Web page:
Defense Minister Benny Gantz warned settler leaders against overplaying their hand with the Trump administration, urging them on Tuesday to be content with whatever amount of land the US is willing to accept Israel annexing, according to two West Bank mayors who heard the comments.
“What’s being offered to you, take. As for the rest, you can deal with it later,” the settler leaders quoted Gantz as saying during their meeting with him at the IDF’s Judea and Samaria Division Headquarters in the central West Bank settlement of Beit El.
The comments appeared to be in response to criticism voiced by settler leaders in recent weeks against the Trump plan, some of whom oppose it because it conditionally provides for Palestinian statehood, and which they claim does not allow for annexation of a sufficient amount of West Bank land in addition to the settlements and the Jordan Valley.
It was unclear if Gantz was implying that he agreed with Prime Minister Benjamin Netanyahu’s annexation plans. The US initially said it would recognize annexation, but subsequently appears to have at the very least tempered its enthusiasm of the controversial move.
Gantz has been on record enthusiastically backing the “Peace to Prosperity” vision that US President Donald Trump unveiled at the White House in January, but he’s also clarified that he wants annexation to be coordinated with other affected parties, such as the Palestinians and the Jordanians. The caveat, however, is largely viewed as incomprehensible, given that both Ramallah and Amman have made clear in no uncertain terms that they will not accept such unilateral moves.
In his meeting with settler leaders — his first since becoming defense minister — Gantz made a point of highlighting the importance of Israel’s peace treaty with Jordan.
“When we make diplomatic moves, we need to listen well to what is being said on the ground and around us, and to keep the peace treaty with Jordan, for instance,” he said, according to a statement from his office. “These agreements contribute much to our regional security and stability.”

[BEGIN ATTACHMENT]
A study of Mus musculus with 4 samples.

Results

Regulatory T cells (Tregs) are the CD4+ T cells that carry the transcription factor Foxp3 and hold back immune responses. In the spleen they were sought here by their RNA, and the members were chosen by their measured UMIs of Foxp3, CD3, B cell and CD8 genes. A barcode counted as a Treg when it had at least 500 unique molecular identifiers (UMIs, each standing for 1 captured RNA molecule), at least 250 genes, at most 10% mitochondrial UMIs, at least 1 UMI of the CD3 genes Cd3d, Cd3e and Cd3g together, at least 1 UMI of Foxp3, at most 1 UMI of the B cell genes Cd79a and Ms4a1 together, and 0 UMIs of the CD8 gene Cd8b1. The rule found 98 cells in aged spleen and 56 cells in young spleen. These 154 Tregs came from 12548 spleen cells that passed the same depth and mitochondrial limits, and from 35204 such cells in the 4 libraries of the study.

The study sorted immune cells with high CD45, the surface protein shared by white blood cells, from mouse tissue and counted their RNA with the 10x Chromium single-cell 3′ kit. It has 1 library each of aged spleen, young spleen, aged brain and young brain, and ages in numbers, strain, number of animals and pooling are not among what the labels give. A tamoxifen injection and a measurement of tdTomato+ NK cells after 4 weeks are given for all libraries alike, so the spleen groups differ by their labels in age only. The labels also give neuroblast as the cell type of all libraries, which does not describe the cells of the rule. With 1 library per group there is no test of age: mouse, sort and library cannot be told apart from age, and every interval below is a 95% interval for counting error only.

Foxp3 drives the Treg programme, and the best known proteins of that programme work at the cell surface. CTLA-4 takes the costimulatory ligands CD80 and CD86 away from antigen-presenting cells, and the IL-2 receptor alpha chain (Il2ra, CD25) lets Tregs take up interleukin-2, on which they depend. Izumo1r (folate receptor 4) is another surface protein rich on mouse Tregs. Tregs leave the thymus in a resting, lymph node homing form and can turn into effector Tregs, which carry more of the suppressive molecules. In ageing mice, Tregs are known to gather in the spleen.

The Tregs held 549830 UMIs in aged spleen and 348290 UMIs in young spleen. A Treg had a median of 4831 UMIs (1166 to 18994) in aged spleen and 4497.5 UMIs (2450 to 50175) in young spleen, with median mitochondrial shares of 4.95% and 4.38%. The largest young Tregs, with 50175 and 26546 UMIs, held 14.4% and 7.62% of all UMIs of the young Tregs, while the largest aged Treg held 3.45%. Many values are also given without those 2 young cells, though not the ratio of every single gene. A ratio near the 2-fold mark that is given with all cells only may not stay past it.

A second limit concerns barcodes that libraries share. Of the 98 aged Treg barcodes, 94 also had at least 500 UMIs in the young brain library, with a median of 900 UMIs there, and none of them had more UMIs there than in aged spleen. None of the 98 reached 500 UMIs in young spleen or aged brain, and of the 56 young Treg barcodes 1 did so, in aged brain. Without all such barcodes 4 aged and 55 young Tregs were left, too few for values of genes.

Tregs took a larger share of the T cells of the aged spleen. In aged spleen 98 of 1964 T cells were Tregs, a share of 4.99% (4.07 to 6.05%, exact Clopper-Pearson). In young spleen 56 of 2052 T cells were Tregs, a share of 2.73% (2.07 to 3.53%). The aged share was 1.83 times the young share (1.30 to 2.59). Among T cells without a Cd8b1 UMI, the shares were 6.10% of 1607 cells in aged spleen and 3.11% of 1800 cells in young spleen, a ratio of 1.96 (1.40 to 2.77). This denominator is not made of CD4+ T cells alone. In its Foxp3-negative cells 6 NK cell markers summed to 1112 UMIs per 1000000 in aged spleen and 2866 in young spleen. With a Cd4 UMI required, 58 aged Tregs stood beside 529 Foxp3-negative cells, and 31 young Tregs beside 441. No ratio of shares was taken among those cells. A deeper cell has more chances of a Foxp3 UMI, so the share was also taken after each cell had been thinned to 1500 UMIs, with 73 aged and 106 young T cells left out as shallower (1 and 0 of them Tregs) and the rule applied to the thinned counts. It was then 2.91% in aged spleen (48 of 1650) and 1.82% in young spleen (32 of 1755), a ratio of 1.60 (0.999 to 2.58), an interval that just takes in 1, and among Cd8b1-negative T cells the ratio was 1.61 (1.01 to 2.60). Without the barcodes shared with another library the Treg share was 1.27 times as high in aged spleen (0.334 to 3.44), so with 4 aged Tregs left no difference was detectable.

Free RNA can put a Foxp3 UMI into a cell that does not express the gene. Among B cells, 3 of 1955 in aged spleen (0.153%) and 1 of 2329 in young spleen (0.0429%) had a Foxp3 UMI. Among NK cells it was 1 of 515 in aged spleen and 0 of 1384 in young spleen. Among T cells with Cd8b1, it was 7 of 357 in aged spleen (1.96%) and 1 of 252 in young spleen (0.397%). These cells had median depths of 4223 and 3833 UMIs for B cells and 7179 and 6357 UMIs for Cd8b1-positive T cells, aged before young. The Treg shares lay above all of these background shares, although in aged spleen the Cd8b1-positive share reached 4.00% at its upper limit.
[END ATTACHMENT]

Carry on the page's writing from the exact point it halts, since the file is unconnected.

“Our responsibility before we make a decision about [annexation] is to foster and aid places where people live legally in security and allow them [to live] normal lives,” he added in what appeared to be a knock of those settlers building illegally in the West Bank.
Gantz acknowledged that he and Netanyahu don’t exactly see eye to eye on annexation, but said that they were working to reach agreements on the matter. He also refrained from saying that he would work to thwart annexation efforts, according to a readout from his office.
A settler leader at the meeting said Gantz had also told them that the White House wants to see consensus between him and Netanyahu on the matter.
Gantz went on to stress — according to his office — that the US is “our best friend, which backs us on fateful strategic matters, and we will preserve this partnership.” That appeared to be a subtle response to comments made by David Elhayani, the chairman of the Yesha umbrella council of settlement mayors, who claimed last week that the US peace plan proves that Trump “is not a friend of Israel.”
Elhayani is part of a camp making up a plurality of the 24 West Bank mayors who have spoken out vehemently against the Trump plan, saying they cannot accept its aim of eventually establishing a Palestinian state and transforming 17 settlements into enclaves.
But not all settlement leaders agree with Elhayani’s combative approach. A nearly equal number of mayors have voiced their support for the plan, saying it still represents much more than what they could have dreamed of less than a year ago.
Responding to the Tuesday meeting, Meretz MK Tamar Zandberg said Gantz was “reinventing himself as a lobbyist for hilltop youth and annexation.”
“Gantz even gave up on his pretense of changing [government policy] from within, and instead of preventing the annexation he has joined those galloping toward the catastrophe,” she added.